Introduction: In my previous article, I have discussed a broad overview of the concepts of XBRL dimensions. Today I am going to discuss about the semantics of XBRL dimensions. Hope you enjoy reading. This article assumes that the reader has gone through the former article here.
Primary taxonomy and template taxonomy: The XBRL dimensions specification has been designed in
a way that a non-dimensional taxonomy can be extended to include dimensions. The non-dimensional taxonomy is known as the primary taxonomy.
The DTS formed by primary taxonomy does not have any dimensional arcs.
Instance document: So, let us first see how dimensions look like in the instance document. Let's
assume that we need to provide the details of product prices according to zone. The following gives an example of how that can be achieved
using XBRL dimensions.
As can be seen in the example, there is a separate context for each value of the zone dimension. The corresponding value of the price can
be represented simply by having items point to the appropriate context through the contextRef attribute. The above is an example of using
explicit dimensions. This could have also been achieved through the use of typed dimensions. There are a lot of constrains as to what can
go where, which I would explain in the rest of the article
Primary item: The items that are part of XBRL 2.1 are primary items. Here is how the specification
defines them, "Primary item declarations are elements defined in XBRL taxonomies that are in the xbrli:item substitution and are not in the xbrldt:hypercubeItem or xbrldt:dimensionItem substitution group".
In other words, the primary items are the items that have nothing to do with dimensions.
Hypercubes: As explained in my earlier article, a hypercube is a tuple of dimensions. It can be
thought of as a coordinate system composed of multiple dimensions. One of the dimension is the value of the item that uses it. Other dimensions
are defined with use of dimensional links. Semantically, hypercubes are also items in the substitution group of xbrldt:hypercubeItem where the
prefix xbrldt is bound to the namespace http://xbrl.org/2005/xbrldt. Just defining the element will not achieve anything though. Because we
need to attach dimensions to the hypercube.
Dimensions: Dimensions are also defined using items, only they are in the substitution group of
xbrldt:dimensionItem. If the dimension is an explicit dimension, containing predefined values, nothing else is required. If on the other hand,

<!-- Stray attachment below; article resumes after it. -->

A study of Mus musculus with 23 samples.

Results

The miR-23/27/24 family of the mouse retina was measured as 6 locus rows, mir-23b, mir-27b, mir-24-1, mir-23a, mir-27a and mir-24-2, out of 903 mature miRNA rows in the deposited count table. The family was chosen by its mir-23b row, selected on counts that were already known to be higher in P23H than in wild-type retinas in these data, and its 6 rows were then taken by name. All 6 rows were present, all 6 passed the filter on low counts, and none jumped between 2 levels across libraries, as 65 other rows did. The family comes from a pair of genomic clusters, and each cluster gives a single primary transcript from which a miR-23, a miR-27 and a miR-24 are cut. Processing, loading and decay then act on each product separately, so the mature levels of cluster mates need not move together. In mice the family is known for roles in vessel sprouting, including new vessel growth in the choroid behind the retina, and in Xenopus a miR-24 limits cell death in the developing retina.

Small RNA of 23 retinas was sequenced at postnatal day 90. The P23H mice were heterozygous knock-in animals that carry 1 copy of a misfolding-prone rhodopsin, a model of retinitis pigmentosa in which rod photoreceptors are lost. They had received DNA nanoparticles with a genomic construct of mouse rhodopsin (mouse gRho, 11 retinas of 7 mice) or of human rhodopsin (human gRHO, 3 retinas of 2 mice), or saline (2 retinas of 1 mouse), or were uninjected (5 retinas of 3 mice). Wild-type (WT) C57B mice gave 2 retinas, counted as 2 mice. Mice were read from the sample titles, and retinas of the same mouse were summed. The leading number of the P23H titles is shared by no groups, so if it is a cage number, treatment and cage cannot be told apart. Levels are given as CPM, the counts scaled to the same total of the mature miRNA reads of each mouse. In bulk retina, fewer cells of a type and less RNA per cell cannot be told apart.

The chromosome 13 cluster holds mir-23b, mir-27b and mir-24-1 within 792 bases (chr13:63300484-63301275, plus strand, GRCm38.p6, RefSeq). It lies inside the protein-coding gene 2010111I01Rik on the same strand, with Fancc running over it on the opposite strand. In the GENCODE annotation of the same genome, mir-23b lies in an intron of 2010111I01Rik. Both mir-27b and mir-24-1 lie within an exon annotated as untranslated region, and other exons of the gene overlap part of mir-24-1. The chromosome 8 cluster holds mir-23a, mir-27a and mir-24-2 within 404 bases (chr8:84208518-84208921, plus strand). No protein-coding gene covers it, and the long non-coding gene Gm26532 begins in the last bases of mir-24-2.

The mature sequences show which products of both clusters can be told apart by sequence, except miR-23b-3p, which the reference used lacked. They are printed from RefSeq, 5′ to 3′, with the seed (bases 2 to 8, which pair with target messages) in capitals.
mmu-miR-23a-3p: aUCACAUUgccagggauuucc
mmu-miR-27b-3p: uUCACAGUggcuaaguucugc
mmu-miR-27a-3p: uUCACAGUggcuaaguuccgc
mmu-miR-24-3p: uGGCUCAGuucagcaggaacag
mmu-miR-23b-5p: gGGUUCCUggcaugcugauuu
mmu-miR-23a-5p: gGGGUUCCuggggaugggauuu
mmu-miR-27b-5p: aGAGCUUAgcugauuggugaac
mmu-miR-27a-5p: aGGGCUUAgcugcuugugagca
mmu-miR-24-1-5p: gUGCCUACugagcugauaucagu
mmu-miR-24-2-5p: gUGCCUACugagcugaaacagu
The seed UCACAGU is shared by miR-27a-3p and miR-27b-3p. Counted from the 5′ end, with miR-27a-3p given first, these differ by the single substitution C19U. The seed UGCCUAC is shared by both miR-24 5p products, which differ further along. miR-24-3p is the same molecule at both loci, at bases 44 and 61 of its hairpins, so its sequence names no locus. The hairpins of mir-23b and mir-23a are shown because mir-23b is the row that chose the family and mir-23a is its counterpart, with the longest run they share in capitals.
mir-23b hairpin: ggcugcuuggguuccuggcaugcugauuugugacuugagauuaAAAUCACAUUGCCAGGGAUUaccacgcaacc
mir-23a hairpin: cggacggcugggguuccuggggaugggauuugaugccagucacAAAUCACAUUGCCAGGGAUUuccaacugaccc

it is a typed dimension, the domain must be declared in the very definition of this element with the xbrldt:typedDomainRef attribute. Hypercubes
are attached to the corresponding dimensions with hypercube-dimension arcs.
Domains: Domains are actually values for the dimensions. In case of explicit dimensions, the domains
must be primary items. In this case, the qualified name of each domain becomes a value for the dimension. In case of typed dimensions, the domains
are just any element declaration. In this case, an instance of the domain will be the value of the dimension.
The explicit domains can also have sub-domains defined through the domain-member relationship. If a domain is attached to a dimension, all the
sub-domains also get automatically attached. The following diagram will give a view of the relationships.
Hypercube-sets: Primary items are attached to the hypercubes applicable to them by has-hypercube relationships.
There are two relationships of that kind. all and not-all. A hypercube is valid in a primary item in the instance if all conditions for such
validations are met. I will discuss the conditions little later. Only if a hypercube is valid, a primary item is considered to be a providing
a value in the coordinate system the hypercube is providing. All has-hypercube relationships in a single link role (the value of the xlink:role
attribute if the link that defines the has-hypercube relationship) make a hypercube-set. A hypercube-set is valid for a primary item instance
if all the hypercubes in 'all' relationships are valid and all the hypercubes in 'not-all' relationships are invalid. Not-all relationships are
there to exclude certain possible values from the dimensions in a hypercube that would otherwise be valid.
A hypercube is valid for a primary item instance if the context attached to it contains values for all the dimensions in that hypercube with
valid values for each. I already discussed in the earlier article that the values of the dimensions can be provided either in the segment or
in the scenario element. The has-hypercube arcs contain the information as to where the values of the dimensions would be provided- segment or
scenario. This is done through the attribute xbrldt:contextElement on the has-hypercube arc.
Now we are in a position to see an example how the dimensional system can be defined in the taxonomy for the above example instance document.
This article only highlights the fundamentals of the semantics. More detailed discussion will be coming afterwards.